A Very American Coup By Michael – Louis Ingram, Editor-in-Chief...
A Grim Anniversary Of The Taylor-Chavez Bout
PHILADELPHIA, Pa. — 34 days after I was in Tokyo witnessing the greatest upset in boxing history, 42-1 longshot Buster Douglas’ ninth-round knockout of Mike Tyson, I was at ringside at the Las Vegas Hilton for what proved to be an even more compelling event.
The unification showdown of undefeated junior welterweight champions Meldrick Taylor, the IBF titlist from North Philadelphia, and Julio Cesar Chavez, the WBC champ from Culiacan, Mexico, remains the most enthralling prizefight I have attended. It also is the most controversial and, when you consider the consequences in human terms, one of the most tragic.
For any and all of those reasons, boxing fans everywhere, but particularly those in Philly, should commemorate Thursday’s 15th anniversary of the night that Taylor ascended to his greatest professional height, and almost immediately thereafter began the long career slide that largely has served to rob him of his legacy.
I suggest lighting a candle and saying a prayer.
My contention then and now is that Taylor, who had the fastest hands of any fighter I ever covered (yes, including Roy Jones Jr.), had the prime literally beaten out of him, at 23, by Chavez’ powerful punches.
It also is my belief that Taylor’s blurring combinations and incredible display of courage should have earned him the distinction of being the first man ever to defeat Chavez, then widely regarded as the No. 1 pound-for-pound fighter on the planet.
But Taylor, well ahead on two of the three official scorecards, was knocked down in the closing seconds of the 12th and final round. And with only 2 ticks remaining, referee Richard Steele accelerated the ruination of the 1984 Olympic gold medalist by waving the bout to a very late, but nonetheless premature, conclusion, and awarding a technical-knockout victory to Chavez.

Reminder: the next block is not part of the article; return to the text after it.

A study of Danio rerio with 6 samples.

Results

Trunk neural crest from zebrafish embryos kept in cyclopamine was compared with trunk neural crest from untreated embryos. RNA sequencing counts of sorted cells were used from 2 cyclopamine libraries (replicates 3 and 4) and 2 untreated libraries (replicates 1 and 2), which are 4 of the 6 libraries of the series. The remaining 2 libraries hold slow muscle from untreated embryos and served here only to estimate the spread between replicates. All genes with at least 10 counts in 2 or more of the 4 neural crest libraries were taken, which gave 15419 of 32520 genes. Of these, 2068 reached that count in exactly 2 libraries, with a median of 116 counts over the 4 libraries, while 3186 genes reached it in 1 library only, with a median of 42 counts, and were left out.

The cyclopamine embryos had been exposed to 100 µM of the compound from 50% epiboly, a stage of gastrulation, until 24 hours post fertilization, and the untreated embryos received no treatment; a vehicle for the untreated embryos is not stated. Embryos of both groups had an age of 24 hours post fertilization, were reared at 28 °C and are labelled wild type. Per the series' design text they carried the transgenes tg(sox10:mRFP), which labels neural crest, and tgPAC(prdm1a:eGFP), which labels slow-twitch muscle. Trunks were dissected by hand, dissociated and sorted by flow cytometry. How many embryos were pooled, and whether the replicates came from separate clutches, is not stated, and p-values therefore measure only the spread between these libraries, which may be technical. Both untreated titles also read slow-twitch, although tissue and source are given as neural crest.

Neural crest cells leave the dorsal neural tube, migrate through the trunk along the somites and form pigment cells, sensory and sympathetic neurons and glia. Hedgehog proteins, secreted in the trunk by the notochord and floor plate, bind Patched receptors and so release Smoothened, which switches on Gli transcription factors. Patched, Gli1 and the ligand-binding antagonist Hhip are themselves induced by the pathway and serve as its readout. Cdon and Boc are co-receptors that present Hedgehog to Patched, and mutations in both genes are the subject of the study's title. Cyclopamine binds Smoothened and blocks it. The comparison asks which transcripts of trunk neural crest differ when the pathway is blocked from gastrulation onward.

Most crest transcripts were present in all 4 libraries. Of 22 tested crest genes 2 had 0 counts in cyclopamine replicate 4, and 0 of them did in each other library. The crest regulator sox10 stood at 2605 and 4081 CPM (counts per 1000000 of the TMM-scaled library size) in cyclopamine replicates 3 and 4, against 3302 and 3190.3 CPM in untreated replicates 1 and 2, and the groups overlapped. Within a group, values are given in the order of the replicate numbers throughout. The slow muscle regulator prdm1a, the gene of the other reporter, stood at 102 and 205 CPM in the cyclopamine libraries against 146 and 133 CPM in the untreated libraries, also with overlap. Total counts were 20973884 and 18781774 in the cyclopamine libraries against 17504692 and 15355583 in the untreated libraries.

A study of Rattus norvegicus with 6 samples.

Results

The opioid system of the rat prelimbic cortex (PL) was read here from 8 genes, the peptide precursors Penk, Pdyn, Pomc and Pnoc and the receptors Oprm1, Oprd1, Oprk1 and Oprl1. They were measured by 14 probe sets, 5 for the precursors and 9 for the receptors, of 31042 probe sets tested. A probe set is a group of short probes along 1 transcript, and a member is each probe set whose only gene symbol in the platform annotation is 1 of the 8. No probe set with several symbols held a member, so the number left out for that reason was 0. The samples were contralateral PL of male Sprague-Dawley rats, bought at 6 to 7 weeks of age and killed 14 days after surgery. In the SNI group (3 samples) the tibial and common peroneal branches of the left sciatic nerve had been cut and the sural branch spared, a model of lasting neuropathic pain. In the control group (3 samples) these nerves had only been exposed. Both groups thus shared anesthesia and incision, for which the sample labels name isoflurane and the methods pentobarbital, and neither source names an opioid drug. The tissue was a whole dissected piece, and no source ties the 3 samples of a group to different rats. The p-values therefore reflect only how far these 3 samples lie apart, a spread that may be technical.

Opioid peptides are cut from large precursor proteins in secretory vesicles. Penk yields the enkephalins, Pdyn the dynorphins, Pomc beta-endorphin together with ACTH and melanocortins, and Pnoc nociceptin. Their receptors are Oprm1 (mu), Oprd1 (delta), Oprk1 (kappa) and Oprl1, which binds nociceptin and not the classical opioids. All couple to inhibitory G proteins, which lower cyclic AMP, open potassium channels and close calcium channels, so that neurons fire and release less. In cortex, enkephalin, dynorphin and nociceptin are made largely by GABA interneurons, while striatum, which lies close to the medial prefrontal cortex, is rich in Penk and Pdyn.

The fight didn’t go out of Taylor’s heart with Steele’s ruling, but there is no question his heart was broken. Even though Taylor later went on to win a second world title, outpointing Aaron Davis for the WBA welterweight championship, he never again was the man he had been on his way into the ring on March 17, 1990.
HBO included the tale of Chavez-Taylor I as one of its “Legendary Nights” series in 2003, by all accounts the most poignant of 12 documentaries about great boxing matchups televised by the pay-cable giant.
It included clips of the pre-Chavez Taylor, energetic and lucid, in contrast to the Taylor of later years whose speech was slurred and reaction time slowed. Nor has Chavez, who added a second victory over the diminished Taylor on Sept. 17, 1994, been spared indignity.
He has squandered much of his fortune and endangered his health by nearly succumbing to the temptations of alcohol. Now 42, he wants to take still another farewell fight, on May 21 at the Staples Center in Los Angeles, against a “safe” opponent (Nicetown’s Ivan Robinson has been penciled in for the gig). JCC’s lingering goodbye can serve no purpose other than to fray his legend further.
Fifteen years after two outstanding warriors left every bit of themselves on a blood-splattered canvas, I know I’ll never forget the thrill of the spectacle. I also wish I could forget the high price each man, particularly Taylor, had to pay for furnishing us those goose bumps.